Last summer, I belatedly spent my first term at BYU, as a Summer Fellow at the Smith Institute for Church History. There were eight of us, working under the direction of Claudia Bushman. Our topic was the history of Mormon women in the 20th century.
We didn’t make any attempt at being exhaustive; instead, we spent some time talking about major forces shaping women’s lives across the century and then Claudia turned us loose to pursue our own research interests. The final papers ended up being about
1) Courtship stories among the first post-Manifesto generation of Mormon women
2) Participation of RS and YW Presidencies in the National Women’s Council
3) The history of the idea of modesty in dress for young women in the church
4) Primary songs as the locus of women’s contributions to doctrine formation (this was my contribution **shameless self-promotion**: I’ll be discussing it this Sunday at the Cambridge 2nd Ward bldg. 7:00 pm–an abbreviated version of the paper is online here )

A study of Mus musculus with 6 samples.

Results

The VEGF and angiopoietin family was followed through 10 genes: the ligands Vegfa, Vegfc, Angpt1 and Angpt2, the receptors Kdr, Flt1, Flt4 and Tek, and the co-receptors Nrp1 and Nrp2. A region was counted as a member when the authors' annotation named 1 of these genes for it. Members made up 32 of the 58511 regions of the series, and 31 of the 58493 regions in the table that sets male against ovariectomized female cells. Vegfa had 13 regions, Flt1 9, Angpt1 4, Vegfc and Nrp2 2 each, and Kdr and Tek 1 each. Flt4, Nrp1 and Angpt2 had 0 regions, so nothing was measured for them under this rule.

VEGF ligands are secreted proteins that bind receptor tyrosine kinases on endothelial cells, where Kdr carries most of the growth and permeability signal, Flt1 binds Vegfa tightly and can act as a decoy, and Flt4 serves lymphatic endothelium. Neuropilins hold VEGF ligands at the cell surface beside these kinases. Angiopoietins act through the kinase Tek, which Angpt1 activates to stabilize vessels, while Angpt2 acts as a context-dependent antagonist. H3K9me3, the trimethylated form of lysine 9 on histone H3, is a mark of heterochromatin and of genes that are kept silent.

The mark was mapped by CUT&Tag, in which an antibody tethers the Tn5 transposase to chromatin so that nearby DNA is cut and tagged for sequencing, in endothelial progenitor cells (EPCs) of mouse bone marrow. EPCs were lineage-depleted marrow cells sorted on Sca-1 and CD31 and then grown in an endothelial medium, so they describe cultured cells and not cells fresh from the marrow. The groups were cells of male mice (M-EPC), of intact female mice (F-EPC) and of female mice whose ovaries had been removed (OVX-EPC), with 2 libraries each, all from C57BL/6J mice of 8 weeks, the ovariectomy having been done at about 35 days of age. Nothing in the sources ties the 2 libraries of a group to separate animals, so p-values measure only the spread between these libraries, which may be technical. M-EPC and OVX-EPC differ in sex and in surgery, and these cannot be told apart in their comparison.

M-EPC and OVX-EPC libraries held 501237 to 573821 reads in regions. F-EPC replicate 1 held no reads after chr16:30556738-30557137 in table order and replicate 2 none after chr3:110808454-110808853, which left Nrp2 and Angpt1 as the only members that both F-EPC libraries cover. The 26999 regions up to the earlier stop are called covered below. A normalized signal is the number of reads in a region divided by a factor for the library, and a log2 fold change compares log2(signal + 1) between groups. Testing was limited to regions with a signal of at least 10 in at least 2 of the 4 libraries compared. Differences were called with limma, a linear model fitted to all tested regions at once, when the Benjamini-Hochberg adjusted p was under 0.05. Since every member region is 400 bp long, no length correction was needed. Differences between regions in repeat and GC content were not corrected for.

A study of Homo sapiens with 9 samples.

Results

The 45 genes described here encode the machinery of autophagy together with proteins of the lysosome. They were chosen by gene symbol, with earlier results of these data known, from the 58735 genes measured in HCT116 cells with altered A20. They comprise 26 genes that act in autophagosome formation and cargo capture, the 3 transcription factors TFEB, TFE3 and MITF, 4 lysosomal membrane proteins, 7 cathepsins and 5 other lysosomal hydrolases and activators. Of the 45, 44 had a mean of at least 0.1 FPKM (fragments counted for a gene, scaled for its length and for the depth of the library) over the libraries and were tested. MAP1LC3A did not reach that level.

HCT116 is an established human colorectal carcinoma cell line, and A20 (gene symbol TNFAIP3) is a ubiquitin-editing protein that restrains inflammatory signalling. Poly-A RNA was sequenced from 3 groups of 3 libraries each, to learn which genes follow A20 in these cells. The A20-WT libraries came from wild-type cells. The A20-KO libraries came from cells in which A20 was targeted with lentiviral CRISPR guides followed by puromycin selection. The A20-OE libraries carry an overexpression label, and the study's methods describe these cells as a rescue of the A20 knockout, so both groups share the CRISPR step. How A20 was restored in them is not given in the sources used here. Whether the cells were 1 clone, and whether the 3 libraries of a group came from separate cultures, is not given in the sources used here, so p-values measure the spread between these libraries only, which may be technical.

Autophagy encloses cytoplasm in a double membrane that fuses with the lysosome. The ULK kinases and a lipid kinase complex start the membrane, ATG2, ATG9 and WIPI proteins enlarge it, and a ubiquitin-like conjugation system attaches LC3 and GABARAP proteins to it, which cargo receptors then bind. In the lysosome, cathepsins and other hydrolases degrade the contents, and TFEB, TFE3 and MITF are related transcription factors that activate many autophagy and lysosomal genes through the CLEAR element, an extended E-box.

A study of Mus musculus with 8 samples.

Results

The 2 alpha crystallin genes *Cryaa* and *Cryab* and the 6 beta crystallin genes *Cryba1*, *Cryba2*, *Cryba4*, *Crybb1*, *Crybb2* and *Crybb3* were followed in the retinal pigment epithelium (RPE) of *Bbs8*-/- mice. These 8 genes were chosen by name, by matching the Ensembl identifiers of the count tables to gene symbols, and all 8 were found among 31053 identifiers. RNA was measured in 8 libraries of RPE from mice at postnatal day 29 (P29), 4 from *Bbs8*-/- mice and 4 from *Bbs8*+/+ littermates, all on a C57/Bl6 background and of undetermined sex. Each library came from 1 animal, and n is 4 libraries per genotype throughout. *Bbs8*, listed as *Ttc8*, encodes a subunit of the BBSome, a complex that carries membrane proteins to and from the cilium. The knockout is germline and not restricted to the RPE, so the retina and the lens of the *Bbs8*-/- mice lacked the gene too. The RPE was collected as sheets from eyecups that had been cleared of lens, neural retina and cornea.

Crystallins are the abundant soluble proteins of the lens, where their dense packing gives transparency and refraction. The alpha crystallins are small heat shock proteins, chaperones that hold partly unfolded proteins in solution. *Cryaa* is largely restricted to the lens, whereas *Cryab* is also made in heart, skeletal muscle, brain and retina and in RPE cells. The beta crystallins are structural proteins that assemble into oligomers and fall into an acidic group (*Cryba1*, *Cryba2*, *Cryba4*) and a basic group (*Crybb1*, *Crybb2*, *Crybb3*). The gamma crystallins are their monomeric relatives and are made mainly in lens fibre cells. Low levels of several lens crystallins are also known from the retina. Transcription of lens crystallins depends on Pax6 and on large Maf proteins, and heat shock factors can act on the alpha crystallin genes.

5) The effects of Correlation on Relief Society, weighing the benefits of Correlation for international members against the losses many North American women felt (the RS Magazine, annual RS conference, etc.)
6) Bodies, Babies and Birth Control
7) a re-examination of Mormon women’s participation in the debate over the ERA
8) Patriarchy and Contentment–an informal survey trying to document the truth of President Hinckley’s repeated claim that “our women are content” in the face of media skepticism, and an examination of how and why Mormon women are content within a patriarchal structure
I have lots to say about several of these topics, and about the experience of doing women’s history at BYU, but I’ll wait to see which, if any, of these themes is interesting enough for you to comment/ask questions about.